Defence ministers want minimum wage exemption

Defence ministers have demanded a blanket exemption from the minimum wage for the armed forces. The minister in charge of the minimum wage, Ian McCartney, is trying to block the move. Fran Abrams, Political Correspondent, reports on the latest attempt to water down the reform.

The minimum wage would cost the Ministry of Defence about pounds 3m per year, the Liberal Democrats have calculated. That is just a tiny proportion of the department's pounds 21.8bn annual budget.

But despite plans to spend The Ministry of Defence can afford to spend pounds 16bn on 232 new Eurofighter warplanes, but is arguing that it cannot afford to upgrade the pay of all its employees.

The trade and industry minister, Ian McCartney, is fighting back. He is believed to be determined not to give in to the demands. Although no other government departments are known to have asked for exemptions, the move could create a dangerous precedent. The NHS, for example, will be hit much harder.

Earlier this month Mr McCartney was forced to deny a report in the Independent on Sunday that he had threatened to resign on the eve of his draft Bill's publication because of pressure to water it down. He is believed to have been angered by Peter Mandelson's sudden announcement at the Labour Party conference that young people under 26 could be exempted - something that is now in the draft Bill.

The level of the minimum wage is to be set by a Low Pay Commission, which is due to report next year. Trades unions have argued for pounds 4 per hour, though there have been suggestions the final figure may be nearer to pounds 3.50.

An investigation for the NHS Confederation by Pay and Workforce Research has shown that 37,000 hospital staff would have their pay upgraded if the minimum wage was set at pounds 3.70 per hour. If it was set at pounds 4.15 per hour, 104,000 people would be affected. However, a spokeswoman for the confederation, which represents NHS employers, said yesterday she did not believe it had requested a similar exemption.

The second most vulnerable department would be John Prescott's Department of Transport, Environment and the Regions, which would probably have to pay about pounds 1m extra per year in wages to 1,200 staff paid under pounds 4 per hour. That department, too, is expected to be prepared to pay the extra.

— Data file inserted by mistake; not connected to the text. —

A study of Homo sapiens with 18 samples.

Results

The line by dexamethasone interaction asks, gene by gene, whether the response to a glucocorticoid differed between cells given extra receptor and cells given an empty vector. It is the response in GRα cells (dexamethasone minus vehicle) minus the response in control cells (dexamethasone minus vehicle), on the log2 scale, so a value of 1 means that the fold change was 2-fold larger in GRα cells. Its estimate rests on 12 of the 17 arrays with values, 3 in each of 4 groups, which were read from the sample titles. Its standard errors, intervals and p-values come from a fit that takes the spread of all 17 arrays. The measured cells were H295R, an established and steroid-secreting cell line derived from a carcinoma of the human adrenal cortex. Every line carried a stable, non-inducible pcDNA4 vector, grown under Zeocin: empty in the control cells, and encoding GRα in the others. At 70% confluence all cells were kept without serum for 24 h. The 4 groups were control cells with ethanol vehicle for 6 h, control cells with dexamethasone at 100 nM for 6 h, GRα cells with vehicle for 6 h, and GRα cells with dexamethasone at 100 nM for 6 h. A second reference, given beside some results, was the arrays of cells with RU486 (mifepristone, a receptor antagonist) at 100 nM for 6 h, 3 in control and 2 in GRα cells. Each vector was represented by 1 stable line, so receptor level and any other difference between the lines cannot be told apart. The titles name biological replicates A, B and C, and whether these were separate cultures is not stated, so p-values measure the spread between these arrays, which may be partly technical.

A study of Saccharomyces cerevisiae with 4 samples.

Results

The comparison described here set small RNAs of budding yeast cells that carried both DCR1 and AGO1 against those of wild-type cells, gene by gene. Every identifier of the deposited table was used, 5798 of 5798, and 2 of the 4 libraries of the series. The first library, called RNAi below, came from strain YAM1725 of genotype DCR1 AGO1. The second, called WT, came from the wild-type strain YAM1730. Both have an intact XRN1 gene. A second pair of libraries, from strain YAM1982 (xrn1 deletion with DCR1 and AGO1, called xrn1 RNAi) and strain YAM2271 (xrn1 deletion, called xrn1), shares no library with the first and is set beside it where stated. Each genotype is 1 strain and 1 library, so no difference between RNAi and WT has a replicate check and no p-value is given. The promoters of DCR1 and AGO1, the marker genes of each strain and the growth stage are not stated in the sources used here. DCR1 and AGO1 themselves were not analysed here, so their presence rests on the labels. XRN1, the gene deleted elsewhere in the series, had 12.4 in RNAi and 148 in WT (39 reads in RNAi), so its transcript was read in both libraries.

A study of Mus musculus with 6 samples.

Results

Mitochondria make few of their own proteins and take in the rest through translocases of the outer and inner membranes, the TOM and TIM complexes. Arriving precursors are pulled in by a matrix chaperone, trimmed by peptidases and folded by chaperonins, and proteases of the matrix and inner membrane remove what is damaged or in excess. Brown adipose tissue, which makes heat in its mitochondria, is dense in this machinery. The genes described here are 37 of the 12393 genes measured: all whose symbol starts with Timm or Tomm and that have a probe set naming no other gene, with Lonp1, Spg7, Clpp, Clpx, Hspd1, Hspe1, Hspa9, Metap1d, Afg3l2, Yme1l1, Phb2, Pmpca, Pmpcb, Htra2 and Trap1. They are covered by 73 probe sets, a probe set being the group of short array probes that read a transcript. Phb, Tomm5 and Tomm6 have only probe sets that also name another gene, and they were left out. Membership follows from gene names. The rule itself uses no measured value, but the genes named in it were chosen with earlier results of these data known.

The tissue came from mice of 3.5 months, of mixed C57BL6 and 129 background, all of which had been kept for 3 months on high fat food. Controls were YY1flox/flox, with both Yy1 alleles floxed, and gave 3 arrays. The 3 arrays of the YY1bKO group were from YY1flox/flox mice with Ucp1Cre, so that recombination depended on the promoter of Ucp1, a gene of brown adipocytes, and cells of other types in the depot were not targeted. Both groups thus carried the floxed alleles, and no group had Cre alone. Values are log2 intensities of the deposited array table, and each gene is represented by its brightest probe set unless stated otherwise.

However, spokesmen for both the Ministry of Defence and Department of Trade and Industry confirmed yesterday that a request for an armed forces exemption was being discussed.

A DTI official said the draft Bill published at the end of last month had left the possibility of some limited exemptions for the armed forces open. ``The Minimum Wage Bill is enabling legislation, and will give the Secretary of State the power to set a rate. There is opportunity for variations, though what those variations will be is under discussion,'' he said.

A Ministry of Defence spokeswoman pointed out that the bill was ``just a draft''. ``This is the time for the department to have a look at the Bill and if there is something that could be damaging of course that will be addressed," she said.

David Chidgey, the Liberal Democrats' industry spokesman, has calculated the cost of the move from Parliamentary answers. John Spellar, the defence minister, told him 3,402 were MoD civilian staff were paid less than pounds 4 an hour. Paying that rate would cost pounds 3m a year

``I can understand why the MoD are gibbing at this,'' he said. ``This is the cost on basic time alone. With overtime, God only knows how much it will cost.''

There was confusion last night over whether the Ministry was seeking an exemption for civilian staff. A DTI spokeswoman said she did not believe it would. Although Mr Chidgey supported a minimum wage he said it should have flexibility built into it, particularly in terms of regional variations.